Tuesday, November 20, 2018

The Captain's Daughter by Meg Mitchell Moore

Because I enjoyed Moore's The Admissions, I decided to go back and read some of her older work.  The first one I tried was The Captain's Daughter which I found very enjoyable.  Like The Admissions it primarily deals with family relationships as well as what happens when past secrets come to life.

Eliza Barnes is now wealthy, country club woman living in suburban Boston with her husband and two daughters.  However, before she "married up" she was the daughter of a widowed lobsterman in small town Maine.  When her father is injured on his lobster skiff she travels to Maine to check on him and discovers he's more ill than she thought - causing her to spend more of her summer with her father.

While in Maine she also reconnects with her first love - who has remained in Maine and now works as a lobsterman too.  Through their discussions we learn of past secrets that Eliza has been hiding.  Meanwhile, Eliza's husband is struggling on his own - having left his architecture firm to go out on his own he's trying desperately to impress one of his mother's wealthy friends with the design of her massive holiday home.  And she is very difficult to please.  With his wife away he turns to his mother for help which has some humorous moments since she's a bit of a drunk.  We also learn Eliza's husband has a couple of secrets of his own.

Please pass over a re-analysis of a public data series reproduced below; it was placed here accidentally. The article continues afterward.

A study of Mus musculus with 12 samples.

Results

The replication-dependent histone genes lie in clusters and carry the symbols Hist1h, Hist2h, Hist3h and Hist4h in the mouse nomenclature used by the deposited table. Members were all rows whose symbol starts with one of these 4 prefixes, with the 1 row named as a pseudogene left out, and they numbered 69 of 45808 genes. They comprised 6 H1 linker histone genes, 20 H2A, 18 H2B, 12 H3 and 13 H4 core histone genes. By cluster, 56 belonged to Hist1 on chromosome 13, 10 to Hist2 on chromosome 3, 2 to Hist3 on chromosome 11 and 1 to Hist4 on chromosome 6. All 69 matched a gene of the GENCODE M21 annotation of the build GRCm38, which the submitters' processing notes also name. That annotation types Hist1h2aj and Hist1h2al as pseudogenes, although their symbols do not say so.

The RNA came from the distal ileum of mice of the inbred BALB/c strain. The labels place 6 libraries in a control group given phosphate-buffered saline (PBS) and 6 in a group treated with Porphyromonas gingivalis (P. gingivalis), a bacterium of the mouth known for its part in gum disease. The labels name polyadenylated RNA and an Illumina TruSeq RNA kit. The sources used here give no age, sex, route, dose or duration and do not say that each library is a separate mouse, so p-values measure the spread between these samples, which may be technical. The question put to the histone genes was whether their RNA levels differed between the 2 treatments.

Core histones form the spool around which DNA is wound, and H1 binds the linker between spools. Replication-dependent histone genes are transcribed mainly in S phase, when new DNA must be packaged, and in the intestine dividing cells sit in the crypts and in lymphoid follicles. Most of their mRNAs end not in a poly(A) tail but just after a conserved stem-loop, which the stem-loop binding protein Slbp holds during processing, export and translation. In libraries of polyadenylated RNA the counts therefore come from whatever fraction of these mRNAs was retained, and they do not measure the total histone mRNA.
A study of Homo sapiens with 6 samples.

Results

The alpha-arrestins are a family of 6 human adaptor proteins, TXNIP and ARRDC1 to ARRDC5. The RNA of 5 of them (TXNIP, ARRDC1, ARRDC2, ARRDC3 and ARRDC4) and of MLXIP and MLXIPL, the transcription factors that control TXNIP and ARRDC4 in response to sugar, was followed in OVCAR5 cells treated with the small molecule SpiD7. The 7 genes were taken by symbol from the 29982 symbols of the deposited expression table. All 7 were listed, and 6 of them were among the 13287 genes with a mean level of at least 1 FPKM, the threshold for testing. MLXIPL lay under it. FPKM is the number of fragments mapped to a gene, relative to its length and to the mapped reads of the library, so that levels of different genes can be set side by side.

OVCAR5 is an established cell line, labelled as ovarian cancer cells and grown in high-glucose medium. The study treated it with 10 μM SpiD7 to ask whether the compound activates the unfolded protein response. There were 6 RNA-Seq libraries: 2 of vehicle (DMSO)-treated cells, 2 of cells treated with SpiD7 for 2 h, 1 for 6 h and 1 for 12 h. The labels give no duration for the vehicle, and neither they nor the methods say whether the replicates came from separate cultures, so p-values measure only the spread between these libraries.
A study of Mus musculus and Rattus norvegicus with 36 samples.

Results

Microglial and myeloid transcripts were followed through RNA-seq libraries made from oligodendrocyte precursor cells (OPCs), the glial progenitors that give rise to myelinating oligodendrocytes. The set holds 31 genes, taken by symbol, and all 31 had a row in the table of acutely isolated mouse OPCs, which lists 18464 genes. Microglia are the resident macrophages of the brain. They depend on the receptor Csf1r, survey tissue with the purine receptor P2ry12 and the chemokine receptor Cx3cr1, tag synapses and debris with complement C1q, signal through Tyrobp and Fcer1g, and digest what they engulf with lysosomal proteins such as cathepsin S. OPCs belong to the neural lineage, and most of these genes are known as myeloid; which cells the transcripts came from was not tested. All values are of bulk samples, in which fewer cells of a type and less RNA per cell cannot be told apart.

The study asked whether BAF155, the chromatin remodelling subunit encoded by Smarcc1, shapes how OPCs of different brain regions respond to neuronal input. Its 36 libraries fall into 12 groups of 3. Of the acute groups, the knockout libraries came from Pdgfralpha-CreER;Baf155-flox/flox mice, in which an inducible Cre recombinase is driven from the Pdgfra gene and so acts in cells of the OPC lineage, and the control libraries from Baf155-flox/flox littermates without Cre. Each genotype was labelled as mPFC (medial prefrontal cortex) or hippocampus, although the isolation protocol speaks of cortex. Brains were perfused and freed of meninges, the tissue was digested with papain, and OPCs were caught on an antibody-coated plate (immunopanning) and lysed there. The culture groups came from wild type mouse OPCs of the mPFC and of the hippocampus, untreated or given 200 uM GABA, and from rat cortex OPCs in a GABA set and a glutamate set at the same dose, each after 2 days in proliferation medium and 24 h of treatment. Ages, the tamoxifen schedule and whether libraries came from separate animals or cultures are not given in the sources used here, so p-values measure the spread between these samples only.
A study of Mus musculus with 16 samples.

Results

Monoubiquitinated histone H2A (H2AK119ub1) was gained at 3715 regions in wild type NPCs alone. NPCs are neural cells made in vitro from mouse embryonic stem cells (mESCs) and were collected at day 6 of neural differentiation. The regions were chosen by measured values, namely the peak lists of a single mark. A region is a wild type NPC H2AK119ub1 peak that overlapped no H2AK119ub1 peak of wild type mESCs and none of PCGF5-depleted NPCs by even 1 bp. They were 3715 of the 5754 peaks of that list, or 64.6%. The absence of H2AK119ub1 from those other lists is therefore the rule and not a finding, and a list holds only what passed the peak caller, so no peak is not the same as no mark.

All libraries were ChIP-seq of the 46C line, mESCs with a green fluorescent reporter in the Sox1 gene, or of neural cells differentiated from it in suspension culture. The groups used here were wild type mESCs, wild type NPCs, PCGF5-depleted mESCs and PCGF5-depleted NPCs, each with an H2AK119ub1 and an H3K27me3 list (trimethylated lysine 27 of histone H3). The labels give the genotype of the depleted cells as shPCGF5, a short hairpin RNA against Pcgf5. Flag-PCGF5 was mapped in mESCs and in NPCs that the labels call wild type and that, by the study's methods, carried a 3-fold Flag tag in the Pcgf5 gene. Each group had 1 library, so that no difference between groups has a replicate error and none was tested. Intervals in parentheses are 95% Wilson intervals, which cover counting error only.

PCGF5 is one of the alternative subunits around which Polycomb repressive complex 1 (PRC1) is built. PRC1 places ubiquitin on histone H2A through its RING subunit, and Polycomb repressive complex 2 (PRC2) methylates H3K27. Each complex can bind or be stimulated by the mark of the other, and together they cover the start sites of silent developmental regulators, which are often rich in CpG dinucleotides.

In Maine Eliza also meets up with a pregnant teenager, Mary, who is in an abusive relationship and struggling with what to do.  As Eliza attempts to help her she also questions whether she did the right thing all those years ago when she fled Maine.

I don't want to give away more of the story - but we learn a lot about what happened in Eliza's past, including her relationship with her parents and her first love.  Eliza also learns her parents' marriage may not have been quite as sound as she thought.  And we see how Eliza's husband is also struggling with the relationship he had with his absent father and how that is impacting his relationships now.  There is also an interesting dynamic between Eliza and her mother-in-law which resolves in a somewhat unexpected way.

All in all I recommend this book to anyone who likes to read about family relationships.  It's well written, believable and develops a handful of very interesting characters.